Do Young Children Need Physical Education?

by SPARK


Children Playing

As a parent, sometimes the things you hear experts say about children’s health, and the things you observe in your own kid(s), can seem conflicting. You’ve likely heard about initiatives to increase physical education programs in elementary schools. Yet, when you witness your own elementary-age kids speeding around the kitchen in a game of tag with the family cat, it certainly seems like they have limitless energy — at this age, do they really need a program at school to get them to be active?

Here’s the thing about physical education: yes, these programs encourage physical activity, but it’s the second part of the phrase — the “education” portion — that’s the key factor, and the reason all young kids should have access to formal physical education classes.

Your kids may not need any help being active (your exhausted pet can likely attest to this); but they won’t learn about nutrition, fitness, and the importance of a healthy lifestyle on their own. Here’s why it’s so important to offer physical education classes to children, especially when they’re young.

Promoting Lifelong Fitness

For years, studies on childhood obesity and the importance of health and wellness on development have painted a clear picture of the ways children can benefit from physical education.

According to the Centers for Disease Control and Prevention (CDC), the childhood obesity rate has more than doubled for both preschool children (ages 2-5) and adolescents (ages 12-19). For children between the ages of six and eleven, the rate has tripled. Obese adolescents are also more likely to develop prediabetes, a condition in which blood glucose levels indicate a high risk for development of diabetes, as well as bone and joint problems.

While encouraging physical activity is the first step to combatting childhood obesity, educating our children about fitness is the step that will carry them into healthy adulthood. Curriculum-based physical education programs teach kids how to exercise, using safe and proper techniques, and how to keep their muscles and hearts strong.

When we teach our kids about health and wellness at a young age, and build a positive association around being active, they are much more likely to develop healthy habits that continue throughout their lives.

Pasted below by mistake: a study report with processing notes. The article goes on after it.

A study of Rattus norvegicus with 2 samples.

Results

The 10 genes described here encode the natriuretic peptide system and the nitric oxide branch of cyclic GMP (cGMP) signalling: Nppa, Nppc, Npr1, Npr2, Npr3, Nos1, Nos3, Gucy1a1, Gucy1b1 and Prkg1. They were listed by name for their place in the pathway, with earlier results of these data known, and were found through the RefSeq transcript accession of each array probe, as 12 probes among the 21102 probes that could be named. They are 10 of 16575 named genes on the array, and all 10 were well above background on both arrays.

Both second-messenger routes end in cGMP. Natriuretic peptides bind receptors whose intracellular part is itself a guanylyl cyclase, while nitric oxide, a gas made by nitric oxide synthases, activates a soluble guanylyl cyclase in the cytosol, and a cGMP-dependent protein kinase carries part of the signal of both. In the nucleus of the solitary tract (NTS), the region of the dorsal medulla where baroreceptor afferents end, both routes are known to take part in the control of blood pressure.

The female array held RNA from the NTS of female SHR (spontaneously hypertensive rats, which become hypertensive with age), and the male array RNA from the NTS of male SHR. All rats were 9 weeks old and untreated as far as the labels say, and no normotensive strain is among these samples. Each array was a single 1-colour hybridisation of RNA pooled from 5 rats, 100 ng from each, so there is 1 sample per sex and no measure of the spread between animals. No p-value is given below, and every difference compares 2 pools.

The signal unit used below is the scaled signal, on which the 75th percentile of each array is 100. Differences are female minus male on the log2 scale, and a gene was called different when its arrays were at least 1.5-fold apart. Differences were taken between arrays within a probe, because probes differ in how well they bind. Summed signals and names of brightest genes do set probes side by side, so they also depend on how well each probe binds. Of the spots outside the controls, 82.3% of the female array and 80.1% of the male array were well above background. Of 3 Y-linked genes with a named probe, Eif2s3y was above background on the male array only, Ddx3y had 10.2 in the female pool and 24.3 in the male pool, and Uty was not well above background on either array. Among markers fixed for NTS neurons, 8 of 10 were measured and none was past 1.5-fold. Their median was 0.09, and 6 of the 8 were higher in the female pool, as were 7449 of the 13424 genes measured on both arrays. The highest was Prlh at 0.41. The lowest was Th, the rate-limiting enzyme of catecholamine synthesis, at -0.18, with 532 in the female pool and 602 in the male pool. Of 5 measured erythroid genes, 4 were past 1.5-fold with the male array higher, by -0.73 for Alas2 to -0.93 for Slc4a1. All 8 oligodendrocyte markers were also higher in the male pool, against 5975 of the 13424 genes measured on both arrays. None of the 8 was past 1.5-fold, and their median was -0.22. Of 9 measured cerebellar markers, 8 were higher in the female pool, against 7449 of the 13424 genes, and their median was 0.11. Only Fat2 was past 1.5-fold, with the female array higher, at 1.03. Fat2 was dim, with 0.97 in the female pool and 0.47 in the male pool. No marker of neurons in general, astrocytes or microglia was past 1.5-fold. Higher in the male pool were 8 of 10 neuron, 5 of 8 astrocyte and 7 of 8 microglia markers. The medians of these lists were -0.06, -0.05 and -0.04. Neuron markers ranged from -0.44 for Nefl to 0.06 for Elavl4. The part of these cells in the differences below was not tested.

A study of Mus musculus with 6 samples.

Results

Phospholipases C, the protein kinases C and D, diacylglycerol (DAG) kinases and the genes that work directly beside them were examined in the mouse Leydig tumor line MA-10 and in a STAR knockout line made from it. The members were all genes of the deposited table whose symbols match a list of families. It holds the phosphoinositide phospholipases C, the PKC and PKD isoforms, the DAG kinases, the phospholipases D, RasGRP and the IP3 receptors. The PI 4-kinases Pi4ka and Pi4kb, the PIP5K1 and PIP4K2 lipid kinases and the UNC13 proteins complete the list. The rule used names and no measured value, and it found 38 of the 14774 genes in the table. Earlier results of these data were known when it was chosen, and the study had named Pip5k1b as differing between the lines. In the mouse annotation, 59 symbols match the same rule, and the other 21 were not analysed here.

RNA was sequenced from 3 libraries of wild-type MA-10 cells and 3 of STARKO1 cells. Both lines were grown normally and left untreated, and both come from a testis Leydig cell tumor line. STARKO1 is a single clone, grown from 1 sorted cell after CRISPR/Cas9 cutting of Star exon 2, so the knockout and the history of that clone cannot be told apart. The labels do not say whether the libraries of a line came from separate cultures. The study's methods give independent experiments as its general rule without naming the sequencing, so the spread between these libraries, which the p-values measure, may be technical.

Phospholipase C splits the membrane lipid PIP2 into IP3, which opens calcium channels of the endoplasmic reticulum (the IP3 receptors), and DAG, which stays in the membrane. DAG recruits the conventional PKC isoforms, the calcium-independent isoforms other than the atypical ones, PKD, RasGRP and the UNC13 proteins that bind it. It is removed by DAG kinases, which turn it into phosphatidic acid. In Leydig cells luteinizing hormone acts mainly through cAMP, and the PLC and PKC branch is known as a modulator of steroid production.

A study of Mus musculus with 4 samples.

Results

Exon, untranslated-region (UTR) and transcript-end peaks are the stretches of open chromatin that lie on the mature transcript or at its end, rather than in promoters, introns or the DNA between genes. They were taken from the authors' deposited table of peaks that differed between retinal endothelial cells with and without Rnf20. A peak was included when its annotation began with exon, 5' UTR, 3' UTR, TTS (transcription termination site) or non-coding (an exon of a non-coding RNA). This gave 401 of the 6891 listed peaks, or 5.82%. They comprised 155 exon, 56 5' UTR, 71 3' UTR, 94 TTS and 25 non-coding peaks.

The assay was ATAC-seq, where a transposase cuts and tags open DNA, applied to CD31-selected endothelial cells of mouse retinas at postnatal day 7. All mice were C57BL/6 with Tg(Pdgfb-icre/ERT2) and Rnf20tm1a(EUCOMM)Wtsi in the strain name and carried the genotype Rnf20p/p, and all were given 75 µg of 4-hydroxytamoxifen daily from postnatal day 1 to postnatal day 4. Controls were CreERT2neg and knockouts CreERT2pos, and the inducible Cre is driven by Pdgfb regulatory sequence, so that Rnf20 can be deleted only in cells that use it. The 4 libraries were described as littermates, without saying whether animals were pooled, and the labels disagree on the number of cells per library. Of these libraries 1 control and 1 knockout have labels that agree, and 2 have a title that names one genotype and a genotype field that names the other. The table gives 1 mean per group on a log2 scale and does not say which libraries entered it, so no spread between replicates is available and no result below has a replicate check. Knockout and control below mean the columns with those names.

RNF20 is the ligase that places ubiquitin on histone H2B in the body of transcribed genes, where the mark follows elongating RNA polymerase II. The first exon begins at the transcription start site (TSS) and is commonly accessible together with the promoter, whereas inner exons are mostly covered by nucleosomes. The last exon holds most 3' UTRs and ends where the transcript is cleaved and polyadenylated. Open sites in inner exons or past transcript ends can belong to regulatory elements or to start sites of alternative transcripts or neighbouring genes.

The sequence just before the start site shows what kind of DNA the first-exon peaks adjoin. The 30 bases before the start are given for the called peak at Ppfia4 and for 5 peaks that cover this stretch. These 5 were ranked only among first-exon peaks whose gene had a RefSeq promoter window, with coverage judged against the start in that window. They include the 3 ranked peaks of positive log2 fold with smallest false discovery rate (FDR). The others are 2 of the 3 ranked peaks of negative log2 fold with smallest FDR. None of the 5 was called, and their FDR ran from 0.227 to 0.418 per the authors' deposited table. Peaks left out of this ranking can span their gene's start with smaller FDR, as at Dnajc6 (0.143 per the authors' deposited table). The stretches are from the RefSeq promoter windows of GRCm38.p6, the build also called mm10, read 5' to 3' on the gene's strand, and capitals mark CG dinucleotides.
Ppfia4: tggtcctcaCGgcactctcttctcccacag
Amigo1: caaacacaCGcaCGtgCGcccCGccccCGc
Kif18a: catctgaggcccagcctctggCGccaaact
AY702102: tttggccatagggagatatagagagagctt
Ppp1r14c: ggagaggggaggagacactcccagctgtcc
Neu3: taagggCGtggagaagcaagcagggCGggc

Boosting the Brain

There’s more to physical education than just keeping your body fit — it also keeps your brain fit. Scientists have discovered a link between physical fitness and brain functionality in children. Researchers found that the brains of children who are more fit have a bigger hippocampus (the region of the brain connected to memory). These kids performed better on memory tests and activities than their less-fit peers.

The cognitive benefits of PE extend into classroom learning — multiple studies have found an association between physical activity and increased concentration in school. Several studies have researched the link between physical education and cooperative learning — a teaching strategy in which groups of students work together to improve their understanding of a particular subject. Children learn the importance of team-building and collaboration through physical group activities.

While many physical education programs face the risk of being cut from academic curriculum in favor of increasing class time, the reality is that active children tend to perform better in subjects like reading and mathematics.

Eating Right

A big part of physical education is teaching kids how to make healthy choices for their bodies — and that includes food choices. A comprehensive physical education curriculum includes lessons about nutrition and diet, teaching children (at levels they can understand) why certain foods are good for their bodies.

We know that a nutritious diet is important for growth and development; but it’s easy to forget the true impact that poor nutrition can have on a growing child. Young kids who lack nutrients in their diets are often more susceptible to illness, have trouble focusing, and sometimes show emotional side effects.

Physical education classes teach kids about the importance of various food groups, and how they interact with the body — in every area from your bones and heart, to your brain and even your mood. Learning how to make smart food choices will help your children as they get older and need to make more choices on their own.

Building Social Skills

Formal physical education can also help facilitate healthy social interactions. Early on in life, children develop their sense of identity and social cues by engaging in various group dynamics.

Physical activity — like running around on the playground — builds muscles and improves cardiovascular health, while physical education — structured classes in which kids have to complete physical activities — also exercises a child’s self control and develops cooperative skills and consideration for others. Playing team games and activities in a supervised environment allows opportunities for children to learn social skills, like how to lose — and win — graciously.

Participating in group activities and team sports encourages leadership, community engagement, and even altruism. For very young kids, basic and essential lessons like sharing and speaking kindly to others are encompassed in a physical education setting.

Physical education plays a substantial role in shaping children’s health and development, teaching them valuable life skills in fitness, focus, nutrition, and social interactions. A good understanding of these topics can make the difference between your child growing into a healthy adult, or falling into lifelong unhealthy habits.